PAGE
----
Richard Adams, Watership Down (1972)
Lately I’ve been disappointed that my son’s interest in reading seems to have flagged. He happily reads Tintin comics and my old Cricket magazines for hours, but the sustained attention required by a novel has been elusive.
Until I started reading him Watership Down, that is. I thought this 400-page chunkster would take us weeks to read at bedtime, but we’re almost done — because he seized it from me after the first couple of days and tore through a hundred pages at a stretch. And I had to seize it back from him to catch up; I didn’t want to miss a thing.
What is so compelling about this book, that it could enchant equally a twelve-year-old boy and his harried mom? I loved it as a child, but now I have to admire even more Richard Adams’s achievement. He has managed to write a story that is truly for all ages, and that still holds up decades after it became a surprise publishing sensation.
An adventure story about a group of rabbits trying to find a new home might seem a notion whose appeal is confined to the nursery, but there is nothing cute or sentimental about Adams’s writing. There’s a lot that could be considered absurd from a purely naturalistic point of view — rabbits do not have a spoken vocabulary, or tell stories, or have military-police type organizations — and yet Adams somehow manages to convince us utterly of the reality of his world while he is describing it. And the shift in perspective that invites us to consider the world from a small animal’s point of view is enriching and thought-provoking.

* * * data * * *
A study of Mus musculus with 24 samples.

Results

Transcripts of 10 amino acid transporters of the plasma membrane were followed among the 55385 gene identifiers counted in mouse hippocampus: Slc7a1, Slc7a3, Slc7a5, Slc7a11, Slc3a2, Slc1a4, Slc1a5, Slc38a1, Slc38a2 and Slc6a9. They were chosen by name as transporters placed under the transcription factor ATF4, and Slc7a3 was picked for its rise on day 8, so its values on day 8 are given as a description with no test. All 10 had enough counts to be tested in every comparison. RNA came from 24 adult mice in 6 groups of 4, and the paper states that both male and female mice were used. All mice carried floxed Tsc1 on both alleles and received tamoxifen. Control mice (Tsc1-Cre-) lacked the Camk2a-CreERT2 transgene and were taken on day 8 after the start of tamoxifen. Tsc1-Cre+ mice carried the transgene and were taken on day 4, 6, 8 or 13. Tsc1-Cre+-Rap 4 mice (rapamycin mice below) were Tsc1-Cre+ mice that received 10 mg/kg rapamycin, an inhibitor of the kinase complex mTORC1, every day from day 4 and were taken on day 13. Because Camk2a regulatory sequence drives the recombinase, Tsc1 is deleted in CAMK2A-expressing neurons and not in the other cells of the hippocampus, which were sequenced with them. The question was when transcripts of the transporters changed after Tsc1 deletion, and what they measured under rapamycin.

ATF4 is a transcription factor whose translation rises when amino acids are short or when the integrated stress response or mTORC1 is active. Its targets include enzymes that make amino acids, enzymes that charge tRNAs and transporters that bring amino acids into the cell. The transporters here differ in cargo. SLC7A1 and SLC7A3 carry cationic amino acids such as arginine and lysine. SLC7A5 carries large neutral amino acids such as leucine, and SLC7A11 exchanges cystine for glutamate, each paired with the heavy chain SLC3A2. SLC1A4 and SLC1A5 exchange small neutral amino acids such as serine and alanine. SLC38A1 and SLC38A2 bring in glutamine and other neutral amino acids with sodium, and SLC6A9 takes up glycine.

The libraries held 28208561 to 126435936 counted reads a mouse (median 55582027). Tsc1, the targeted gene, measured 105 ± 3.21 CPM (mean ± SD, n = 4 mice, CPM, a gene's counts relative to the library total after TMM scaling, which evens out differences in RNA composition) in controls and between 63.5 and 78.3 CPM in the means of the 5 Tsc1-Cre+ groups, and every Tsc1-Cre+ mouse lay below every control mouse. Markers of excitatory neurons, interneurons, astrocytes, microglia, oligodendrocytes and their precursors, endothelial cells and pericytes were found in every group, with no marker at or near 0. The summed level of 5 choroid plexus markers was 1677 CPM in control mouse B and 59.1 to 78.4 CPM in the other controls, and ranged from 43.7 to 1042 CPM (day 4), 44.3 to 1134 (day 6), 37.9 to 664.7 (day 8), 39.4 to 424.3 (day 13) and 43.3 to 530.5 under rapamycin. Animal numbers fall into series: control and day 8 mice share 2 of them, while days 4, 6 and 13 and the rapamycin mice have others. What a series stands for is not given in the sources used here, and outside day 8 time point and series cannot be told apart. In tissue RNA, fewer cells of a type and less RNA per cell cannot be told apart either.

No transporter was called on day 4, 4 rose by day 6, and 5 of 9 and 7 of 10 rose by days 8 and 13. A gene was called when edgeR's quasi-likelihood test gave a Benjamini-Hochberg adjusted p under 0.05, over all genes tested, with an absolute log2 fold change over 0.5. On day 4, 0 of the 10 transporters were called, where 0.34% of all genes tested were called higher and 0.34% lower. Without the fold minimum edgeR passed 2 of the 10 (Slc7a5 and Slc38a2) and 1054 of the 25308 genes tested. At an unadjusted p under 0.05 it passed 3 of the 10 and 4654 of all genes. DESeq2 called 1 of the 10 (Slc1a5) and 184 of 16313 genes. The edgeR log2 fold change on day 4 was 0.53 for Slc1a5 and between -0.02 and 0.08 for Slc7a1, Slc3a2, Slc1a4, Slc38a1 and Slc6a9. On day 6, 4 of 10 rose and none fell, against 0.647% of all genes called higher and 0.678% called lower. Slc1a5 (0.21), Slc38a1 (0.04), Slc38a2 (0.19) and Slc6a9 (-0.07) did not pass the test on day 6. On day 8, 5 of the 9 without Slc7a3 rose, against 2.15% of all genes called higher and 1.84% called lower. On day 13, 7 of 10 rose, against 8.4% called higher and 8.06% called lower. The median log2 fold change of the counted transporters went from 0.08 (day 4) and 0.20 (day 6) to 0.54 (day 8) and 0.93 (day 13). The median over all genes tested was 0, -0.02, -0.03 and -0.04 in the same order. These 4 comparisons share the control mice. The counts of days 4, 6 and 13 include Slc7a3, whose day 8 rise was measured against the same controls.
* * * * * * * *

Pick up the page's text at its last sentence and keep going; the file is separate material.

It’s not surprising that Watership Down was categorized on publication as a children’s book; one could hardly publish a book about talking rabbits in any other way. Yet there’s no reason why it can’t be read with pleasure by adults, and there are many sophisticated elements which may be appreciated more by experienced readers. The frequent shifts in tone, for example, which could have been incredibly awkward, are deftly handled to bring out the tension between the rabbit and human worlds while simultaneously integrating them into a coherent narrative.
The epigrams to each chapter, chosen from such un-child-like authors as Euripides and Auden, still ring in my memory after many years, while the themes of courage, leadership, brotherly love, and the primacy of freedom made a deep impression. And the brilliant pseudo-folktales told by the rabbits at various points of their journey are as memorable as any handed down by a real human culture. Not just random interpolations, they reflect and interact with the main narrative in significant ways, showing how central storytelling is to our experience of the world, to our very survival.
The landscape and natural phenomena of this very particular corner of England are lovingly, carefully described, but in a way that enhances rather than detracting from the exciting plot. We can’t understand the rabbits at all in disconnection from their context, and this may be the most important message Adams has to teach us. We humans have distanced and disconnected ourselves from the natural world, with tragic results; but through our imagination we have the power to connect again, and that is a source of hope even in the darkest circumstances.
I’m so glad my son has discovered the joys of this marvelously exciting and transformational journey, and that I get to travel along with him. Have you also been to Watership Down? What did you discover?